Backpedaling from his previous position, Livedoor Co. President Kozo Hiramatsu said Monday the firm is preparing for any eventuality, including possibly selling itself to a willing buyer.
The comment, made at a news conference following the indictment of the company, along with founder Takafumi Horie and other former executives on charges of violating the Securities and Exchange Law, marked a stark change from his stance three weeks ago, when he said selling the scandal-hit firm was not an option.
“I did not think about it when I assumed (the top post), but three weeks have passed, and we are preparing for any situation,” he said when asked about the possibility of a selloff.
Livedoor shares fell to another listing-to-date low on Monday, closing at 61 yen.
As for its group firms, Hiramatsu also hinted at a policy change. While saying he had not reached any conclusions yet, he said he would respond to group companies that seek to sever ties with the tainted parent by Feb. 24.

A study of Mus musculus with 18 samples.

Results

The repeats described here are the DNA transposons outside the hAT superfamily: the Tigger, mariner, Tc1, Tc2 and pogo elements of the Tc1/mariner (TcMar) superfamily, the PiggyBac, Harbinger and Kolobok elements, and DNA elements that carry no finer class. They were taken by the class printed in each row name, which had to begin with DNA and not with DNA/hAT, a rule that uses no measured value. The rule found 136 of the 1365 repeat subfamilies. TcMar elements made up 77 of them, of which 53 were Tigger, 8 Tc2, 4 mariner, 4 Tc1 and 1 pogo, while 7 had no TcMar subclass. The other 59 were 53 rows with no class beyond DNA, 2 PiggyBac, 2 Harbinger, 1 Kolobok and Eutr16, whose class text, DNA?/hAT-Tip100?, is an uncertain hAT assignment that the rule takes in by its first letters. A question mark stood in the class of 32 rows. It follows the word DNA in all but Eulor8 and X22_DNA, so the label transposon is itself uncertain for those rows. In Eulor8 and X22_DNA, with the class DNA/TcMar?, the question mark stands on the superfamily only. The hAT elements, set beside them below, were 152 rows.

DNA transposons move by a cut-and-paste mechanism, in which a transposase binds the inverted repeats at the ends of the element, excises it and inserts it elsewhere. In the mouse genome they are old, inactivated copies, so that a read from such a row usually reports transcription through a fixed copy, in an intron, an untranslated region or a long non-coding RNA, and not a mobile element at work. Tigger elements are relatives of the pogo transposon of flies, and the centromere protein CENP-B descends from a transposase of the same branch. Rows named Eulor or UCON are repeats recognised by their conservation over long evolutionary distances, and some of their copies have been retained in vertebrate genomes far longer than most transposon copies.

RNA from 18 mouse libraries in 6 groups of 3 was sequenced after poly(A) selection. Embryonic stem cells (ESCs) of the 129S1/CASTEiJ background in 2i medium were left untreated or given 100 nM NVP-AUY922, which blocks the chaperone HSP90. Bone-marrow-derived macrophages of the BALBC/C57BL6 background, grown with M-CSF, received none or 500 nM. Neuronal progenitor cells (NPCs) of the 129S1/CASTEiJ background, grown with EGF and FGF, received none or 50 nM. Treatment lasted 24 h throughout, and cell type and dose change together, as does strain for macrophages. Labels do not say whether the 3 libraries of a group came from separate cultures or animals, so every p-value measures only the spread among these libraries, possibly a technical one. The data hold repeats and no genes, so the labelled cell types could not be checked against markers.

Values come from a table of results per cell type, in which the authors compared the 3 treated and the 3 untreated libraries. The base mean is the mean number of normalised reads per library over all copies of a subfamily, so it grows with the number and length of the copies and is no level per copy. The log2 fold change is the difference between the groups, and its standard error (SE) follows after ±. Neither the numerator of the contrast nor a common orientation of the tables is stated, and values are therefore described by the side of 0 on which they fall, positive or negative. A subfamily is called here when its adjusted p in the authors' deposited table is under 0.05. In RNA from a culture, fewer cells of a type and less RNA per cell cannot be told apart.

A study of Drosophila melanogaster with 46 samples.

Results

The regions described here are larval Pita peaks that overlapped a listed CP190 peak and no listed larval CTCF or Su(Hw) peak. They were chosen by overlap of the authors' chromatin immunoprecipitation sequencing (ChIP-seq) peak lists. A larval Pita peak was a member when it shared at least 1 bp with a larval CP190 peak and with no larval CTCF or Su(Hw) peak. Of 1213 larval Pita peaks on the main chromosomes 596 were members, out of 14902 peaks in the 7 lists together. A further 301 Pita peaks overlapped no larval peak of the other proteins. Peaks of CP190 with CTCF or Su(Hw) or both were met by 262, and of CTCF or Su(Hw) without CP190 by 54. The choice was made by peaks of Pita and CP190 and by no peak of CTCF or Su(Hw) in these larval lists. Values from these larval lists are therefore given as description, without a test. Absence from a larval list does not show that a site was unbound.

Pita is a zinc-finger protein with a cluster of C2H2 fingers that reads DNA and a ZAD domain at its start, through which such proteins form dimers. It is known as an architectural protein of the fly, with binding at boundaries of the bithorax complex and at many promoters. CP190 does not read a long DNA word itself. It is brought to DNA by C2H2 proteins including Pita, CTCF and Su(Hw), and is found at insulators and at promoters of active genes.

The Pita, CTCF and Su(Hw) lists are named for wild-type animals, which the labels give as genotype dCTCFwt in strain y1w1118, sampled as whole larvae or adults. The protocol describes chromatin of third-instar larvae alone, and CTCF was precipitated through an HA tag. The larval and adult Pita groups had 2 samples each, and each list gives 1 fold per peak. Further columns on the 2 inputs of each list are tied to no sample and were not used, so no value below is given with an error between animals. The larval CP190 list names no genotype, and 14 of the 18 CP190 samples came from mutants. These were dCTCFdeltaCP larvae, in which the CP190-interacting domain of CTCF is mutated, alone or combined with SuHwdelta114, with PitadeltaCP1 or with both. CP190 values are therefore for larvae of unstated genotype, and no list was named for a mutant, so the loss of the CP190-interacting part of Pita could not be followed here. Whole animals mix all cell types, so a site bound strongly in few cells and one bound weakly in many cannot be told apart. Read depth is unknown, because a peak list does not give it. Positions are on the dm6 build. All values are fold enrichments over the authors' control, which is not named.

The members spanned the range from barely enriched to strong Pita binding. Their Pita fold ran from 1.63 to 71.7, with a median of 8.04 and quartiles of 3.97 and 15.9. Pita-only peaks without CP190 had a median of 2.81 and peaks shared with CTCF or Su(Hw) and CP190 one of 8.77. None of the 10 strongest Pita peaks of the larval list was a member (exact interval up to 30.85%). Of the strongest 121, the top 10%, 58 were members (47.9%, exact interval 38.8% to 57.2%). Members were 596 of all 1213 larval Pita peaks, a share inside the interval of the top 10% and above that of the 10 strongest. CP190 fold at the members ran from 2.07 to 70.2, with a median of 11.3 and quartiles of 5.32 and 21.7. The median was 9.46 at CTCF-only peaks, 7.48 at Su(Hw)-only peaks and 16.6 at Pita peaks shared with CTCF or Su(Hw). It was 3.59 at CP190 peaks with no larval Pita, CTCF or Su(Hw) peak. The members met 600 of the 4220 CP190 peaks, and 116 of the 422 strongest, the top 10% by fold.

He said he was keenly aware of the dire situation faced by the group firms in the wake of the scandal and that he hoped to reach a conclusion beneficial to both these firms and to Livedoor.
He stressed the need for a clean break with the former management, saying he is implanting a strict culture of legal compliance in the company. Yet question marks remain.
Absent from the news conference was Representative Director Fumito Kumagai, who is the official head of the company. Hiramatsu said Kumagai was being questioned by prosecutors.
In a related development, the nation’s most powerful business lobby, the Japan Business Federation (Nippon Keidanren), said Monday afternoon that Livedoor will refrain from taking part in any of the organization’s activities for the time being.